Yowling can be an indication that caused by hunger, thirst, and even pain. If your cat is also displaying other signs of illnesses, such as changes in appetite, changes in behaviour (lethargic behaviour or overly aggressive mood), then it might be time for a veterinary check-up.
Yowling is a long cry of distress, pain, or grief. Cats make this sound when they are upset, such as from hunger, separation anxiety, or having their territory invaded. When cats are older, it’s usually because of health issues that cause pain.
This is one of the reasons why pet owners should provide their cats with a safe and comfortable place when they are nearing death. A cat that is having seizures may yowl and throw his head backward, making an uncomfortable-looking arch in his back.
The yowl is often a cat-to-cat communication; it can mean “ I want to mate,” or “I don’t want you coming around my place.” It can also occur when a cat isn’t feeling well, when senses or cognitive functions decline, or when something in her environment (perhaps a new cat on the block) isn’t to her liking.
Kidney disease and thyroid disease are the most common causes of this issue. High blood pressure can lead to changes in the brain that might cause the vocalization behavior you’re observing. Your veterinarian can take a blood pressure reading to rule this out.
Signs Your Cat Could Be Dying
A Feliway plug-in diffuser releases a pheromone that helps these cats relax and feel secure. Some cats yowl because they’re hungry. Try feeding a high-protein, low-carbohydrate meal just before bedtime, or offer Pete a feeding station with compartments that open on a timer.
Dying cats will become withdrawn and irritable, unprovoked aggression may become more common, the cat’s appetite will change, and it’ll spend more time hiding or become clingy as it feels afraid. Heavy breathing, seizures, lower body temperatures, and an unkempt appearance are other signs.
If your cat is ill, even if you don’t realize it, he will probably become very weak as his body tries to fight off whatever is ailing him. You may notice weakness particularly in your cat’s hind legs, and you also may notice him sleeping a great deal more than he usually does.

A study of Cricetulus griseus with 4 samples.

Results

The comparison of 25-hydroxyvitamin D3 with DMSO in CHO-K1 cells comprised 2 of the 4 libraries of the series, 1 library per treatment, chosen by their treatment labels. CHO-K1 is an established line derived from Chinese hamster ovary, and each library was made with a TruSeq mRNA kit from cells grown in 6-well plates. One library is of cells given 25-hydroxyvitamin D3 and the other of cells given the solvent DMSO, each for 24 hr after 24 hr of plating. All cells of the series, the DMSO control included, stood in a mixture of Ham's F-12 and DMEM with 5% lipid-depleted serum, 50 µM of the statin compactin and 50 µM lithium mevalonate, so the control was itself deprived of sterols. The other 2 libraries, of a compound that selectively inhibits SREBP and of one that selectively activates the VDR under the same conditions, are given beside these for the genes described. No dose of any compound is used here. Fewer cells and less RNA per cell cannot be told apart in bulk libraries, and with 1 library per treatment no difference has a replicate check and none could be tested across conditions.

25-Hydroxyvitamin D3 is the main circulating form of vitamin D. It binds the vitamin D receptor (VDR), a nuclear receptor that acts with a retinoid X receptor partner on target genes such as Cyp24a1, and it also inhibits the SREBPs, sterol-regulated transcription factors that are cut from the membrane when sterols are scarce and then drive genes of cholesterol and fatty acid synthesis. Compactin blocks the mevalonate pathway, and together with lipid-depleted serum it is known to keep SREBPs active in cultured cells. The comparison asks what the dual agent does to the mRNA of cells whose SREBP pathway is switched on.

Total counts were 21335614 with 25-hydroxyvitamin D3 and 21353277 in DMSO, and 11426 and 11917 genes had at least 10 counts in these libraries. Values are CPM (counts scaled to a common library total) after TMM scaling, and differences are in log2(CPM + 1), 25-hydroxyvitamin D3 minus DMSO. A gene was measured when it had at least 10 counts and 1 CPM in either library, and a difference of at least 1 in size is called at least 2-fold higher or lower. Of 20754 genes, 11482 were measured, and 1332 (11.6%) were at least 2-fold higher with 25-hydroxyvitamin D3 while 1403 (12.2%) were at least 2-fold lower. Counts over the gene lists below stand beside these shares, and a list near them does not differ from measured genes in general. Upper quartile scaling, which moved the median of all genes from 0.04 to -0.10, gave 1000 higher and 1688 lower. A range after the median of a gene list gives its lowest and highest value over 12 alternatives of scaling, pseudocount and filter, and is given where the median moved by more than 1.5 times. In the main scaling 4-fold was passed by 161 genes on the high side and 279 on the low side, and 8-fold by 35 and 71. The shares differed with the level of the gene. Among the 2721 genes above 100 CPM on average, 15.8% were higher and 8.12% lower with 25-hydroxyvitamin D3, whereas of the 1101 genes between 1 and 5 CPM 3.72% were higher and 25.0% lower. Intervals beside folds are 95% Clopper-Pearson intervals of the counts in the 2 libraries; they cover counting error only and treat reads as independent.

Signs that your cat is in pain include: Agitation (unsettled, trembling) Cat crying, growling, hissing. Limping or difficulty jumping.
Cats will caterwaul when they are unhappy or feel out of sorts. If your cat is particularly clingy, she might express vocalization when you leave her home alone or even go into a different room. Cats might also react to a recent move or strangers visiting your home.
Purring: Sounding like a well-tuned engine, a purring cat is the definition of a happy cat. Purring happens when kittens are nursing from their mothers. But experts say that not all purring signifies happiness. Some cats purr when they are in distress, in a way that helps calm themselves down.
If a cat isn’t feeling well, she may roam the house and vocalize her distress as she tries to find a comfortable place. A variety of illnesses, including hyperthyroidism, can cause a cat to feel restless, irritable, thirsty and/or hungry, prompting them to wander and meow.
Symptoms of cat dementia
One of the first signs is difficulty in navigating familiar places such as forgetting where their food bowl or litter tray is. This can mean your pet starts to have accidents elsewhere in the house. They can also appear to be wandering aimlessly, and many owners report that their cat seems generally confused.
Why do cats howl? Worry or discomfort. Cats might yowl when they are worried about something, not feeling well, or want to complain. Some cats howl more than others, and if yours doesn’t usually make this sound, it might be a sign that your fluffy kid needs to visit a veterinarian.